Desert moss to be used for absorbing back splashed urine on floor

Desert moss to be used for absorbing back splashed urine on floor
Desert moss to be used for absorbing back splashed urine on floor

Men must be well aware of the problem when urine from urinals splashback and drops on the floor. This has been really gross but without solution. Now a desert moss has been discovered that will hopefully resolve this perennial problem of urine splashback. This desert moss, during a research study, showed how it uses its leaves rather than roots, to absorb water.

The name of the plant is Syntrichia caninervis. It’s a moss that grows in dry arid regions of deserts and are usually found in the dry environments in the Northern hemisphere, from Utah and California to Europe and China. Researches have been carried on with this plant to find out how they survive with such scarce amount of water. The leaves of these plants moss have tiny hairs, or awns at the tip of their leaved, ranging in length between 0.02 to 0.08 inches long. These awns are naturally equipped with certain abilities to collect air from different sources. The sources can range from fog to heavy rain.

The research is being carried out under the guidance of Dr. Tadd Truscott, assistant professor of mechanical engineering at Utah State University.
“Using these different structures, this plant might get a drink every day, where other desert vegetation gets water maybe once a week,” said Truscott. Back splashing of urine in public lavatories has been a matter of concern but now it seems that the moss can be used to develop a urinal pad that will avoid splashing.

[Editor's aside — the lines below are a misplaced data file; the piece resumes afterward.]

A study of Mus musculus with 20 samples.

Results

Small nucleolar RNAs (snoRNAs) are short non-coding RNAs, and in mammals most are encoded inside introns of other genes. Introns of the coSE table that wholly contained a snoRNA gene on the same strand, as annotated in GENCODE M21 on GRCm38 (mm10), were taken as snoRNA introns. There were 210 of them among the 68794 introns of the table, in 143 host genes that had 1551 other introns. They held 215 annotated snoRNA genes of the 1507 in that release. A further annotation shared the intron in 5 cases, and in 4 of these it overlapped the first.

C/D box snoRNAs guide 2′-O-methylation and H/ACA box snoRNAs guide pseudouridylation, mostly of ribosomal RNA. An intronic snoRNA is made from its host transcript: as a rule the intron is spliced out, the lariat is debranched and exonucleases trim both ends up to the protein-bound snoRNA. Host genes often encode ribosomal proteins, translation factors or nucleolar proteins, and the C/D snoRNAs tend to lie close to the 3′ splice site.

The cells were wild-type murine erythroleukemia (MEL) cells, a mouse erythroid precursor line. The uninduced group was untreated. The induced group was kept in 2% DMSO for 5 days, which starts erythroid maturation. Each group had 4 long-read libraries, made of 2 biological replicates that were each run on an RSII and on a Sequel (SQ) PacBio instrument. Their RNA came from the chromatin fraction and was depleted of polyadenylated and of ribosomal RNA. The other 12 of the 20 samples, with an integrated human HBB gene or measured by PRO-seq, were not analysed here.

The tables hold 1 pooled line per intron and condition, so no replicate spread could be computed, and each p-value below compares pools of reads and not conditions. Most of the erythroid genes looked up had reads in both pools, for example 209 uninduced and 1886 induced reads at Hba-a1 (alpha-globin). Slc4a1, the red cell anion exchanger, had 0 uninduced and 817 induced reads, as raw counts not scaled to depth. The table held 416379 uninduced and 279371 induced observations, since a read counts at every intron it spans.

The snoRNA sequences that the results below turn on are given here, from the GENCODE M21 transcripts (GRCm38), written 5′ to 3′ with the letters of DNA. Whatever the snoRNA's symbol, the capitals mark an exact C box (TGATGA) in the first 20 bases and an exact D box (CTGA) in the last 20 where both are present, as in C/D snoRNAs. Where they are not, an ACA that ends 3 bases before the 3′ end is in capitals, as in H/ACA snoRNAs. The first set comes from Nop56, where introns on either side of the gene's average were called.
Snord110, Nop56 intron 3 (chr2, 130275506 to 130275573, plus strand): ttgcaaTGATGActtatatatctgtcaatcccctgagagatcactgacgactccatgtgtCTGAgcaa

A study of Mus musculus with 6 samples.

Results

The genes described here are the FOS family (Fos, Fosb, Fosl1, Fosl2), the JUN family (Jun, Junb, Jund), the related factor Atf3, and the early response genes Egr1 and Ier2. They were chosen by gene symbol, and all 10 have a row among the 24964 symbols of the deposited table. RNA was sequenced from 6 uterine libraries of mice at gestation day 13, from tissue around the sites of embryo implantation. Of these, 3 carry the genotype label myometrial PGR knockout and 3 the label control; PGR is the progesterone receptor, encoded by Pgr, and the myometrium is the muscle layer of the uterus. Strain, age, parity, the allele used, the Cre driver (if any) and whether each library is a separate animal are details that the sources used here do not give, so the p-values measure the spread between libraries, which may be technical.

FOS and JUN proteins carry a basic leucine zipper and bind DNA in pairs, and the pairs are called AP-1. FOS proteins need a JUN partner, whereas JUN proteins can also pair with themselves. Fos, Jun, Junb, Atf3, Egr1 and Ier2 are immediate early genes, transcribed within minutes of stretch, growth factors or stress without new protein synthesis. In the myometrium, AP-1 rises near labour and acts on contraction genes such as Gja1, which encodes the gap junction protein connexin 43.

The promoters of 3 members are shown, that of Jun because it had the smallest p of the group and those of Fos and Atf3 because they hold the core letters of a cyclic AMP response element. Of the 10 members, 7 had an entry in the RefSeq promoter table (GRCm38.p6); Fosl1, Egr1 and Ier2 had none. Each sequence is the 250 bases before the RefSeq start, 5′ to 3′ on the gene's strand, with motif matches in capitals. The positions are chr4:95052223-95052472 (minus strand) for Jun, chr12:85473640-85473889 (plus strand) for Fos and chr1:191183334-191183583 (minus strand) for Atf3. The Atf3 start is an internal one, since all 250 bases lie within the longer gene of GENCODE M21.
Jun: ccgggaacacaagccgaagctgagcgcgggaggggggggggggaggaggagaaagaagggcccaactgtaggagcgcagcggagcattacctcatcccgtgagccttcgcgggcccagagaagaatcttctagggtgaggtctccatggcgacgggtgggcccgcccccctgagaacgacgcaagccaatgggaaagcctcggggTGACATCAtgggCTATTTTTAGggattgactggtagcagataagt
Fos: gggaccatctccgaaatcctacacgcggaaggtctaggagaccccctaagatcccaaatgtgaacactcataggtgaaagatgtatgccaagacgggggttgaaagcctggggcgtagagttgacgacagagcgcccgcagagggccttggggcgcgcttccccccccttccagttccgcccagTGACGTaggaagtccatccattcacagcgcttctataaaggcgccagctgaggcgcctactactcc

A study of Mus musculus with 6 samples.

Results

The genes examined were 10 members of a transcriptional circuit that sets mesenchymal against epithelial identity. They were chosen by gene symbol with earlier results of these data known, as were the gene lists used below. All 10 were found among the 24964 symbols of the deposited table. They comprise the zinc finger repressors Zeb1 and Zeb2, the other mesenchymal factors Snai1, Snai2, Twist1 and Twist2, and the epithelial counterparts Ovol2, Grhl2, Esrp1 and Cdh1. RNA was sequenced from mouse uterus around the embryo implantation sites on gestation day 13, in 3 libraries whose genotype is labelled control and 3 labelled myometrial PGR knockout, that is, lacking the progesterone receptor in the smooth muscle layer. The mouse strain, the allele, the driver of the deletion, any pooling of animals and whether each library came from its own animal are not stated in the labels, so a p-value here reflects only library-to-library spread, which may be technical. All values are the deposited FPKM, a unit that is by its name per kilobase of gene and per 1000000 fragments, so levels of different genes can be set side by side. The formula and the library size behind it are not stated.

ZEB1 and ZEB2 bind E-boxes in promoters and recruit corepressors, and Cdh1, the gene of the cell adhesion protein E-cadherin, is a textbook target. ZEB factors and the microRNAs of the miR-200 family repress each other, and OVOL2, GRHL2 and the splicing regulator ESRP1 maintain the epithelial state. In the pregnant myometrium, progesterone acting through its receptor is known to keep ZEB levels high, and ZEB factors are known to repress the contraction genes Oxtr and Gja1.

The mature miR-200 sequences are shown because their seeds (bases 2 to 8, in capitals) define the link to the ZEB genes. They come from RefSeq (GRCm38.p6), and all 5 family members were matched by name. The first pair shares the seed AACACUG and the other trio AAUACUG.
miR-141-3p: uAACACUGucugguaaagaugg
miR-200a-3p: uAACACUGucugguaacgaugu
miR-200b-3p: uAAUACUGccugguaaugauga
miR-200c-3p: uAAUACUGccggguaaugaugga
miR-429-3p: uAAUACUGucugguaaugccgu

The research can have practical applications, Truscott says. For years, his team has looked into ways of reducing splashing in places like public restrooms, where pee splashes back from urinals onto the floor. Truscott now wants to use the the moss’ anti-splash properties to develop a new urinal pad that avoids the disgusting splashback.

Apart from solving a major bathroom problem, other application including replicating the plant’s ability to collect water vapor, scientists could develop a way of extracting moisture from humid environments.

Anik is an IT professional and Data Science Enthusiast. He loves to spend a lot of time testing and reviewing the latest gadgets and software. He likes all things tech and his passion for smartphones is only matched by his passion for Sci-Fi TV Series.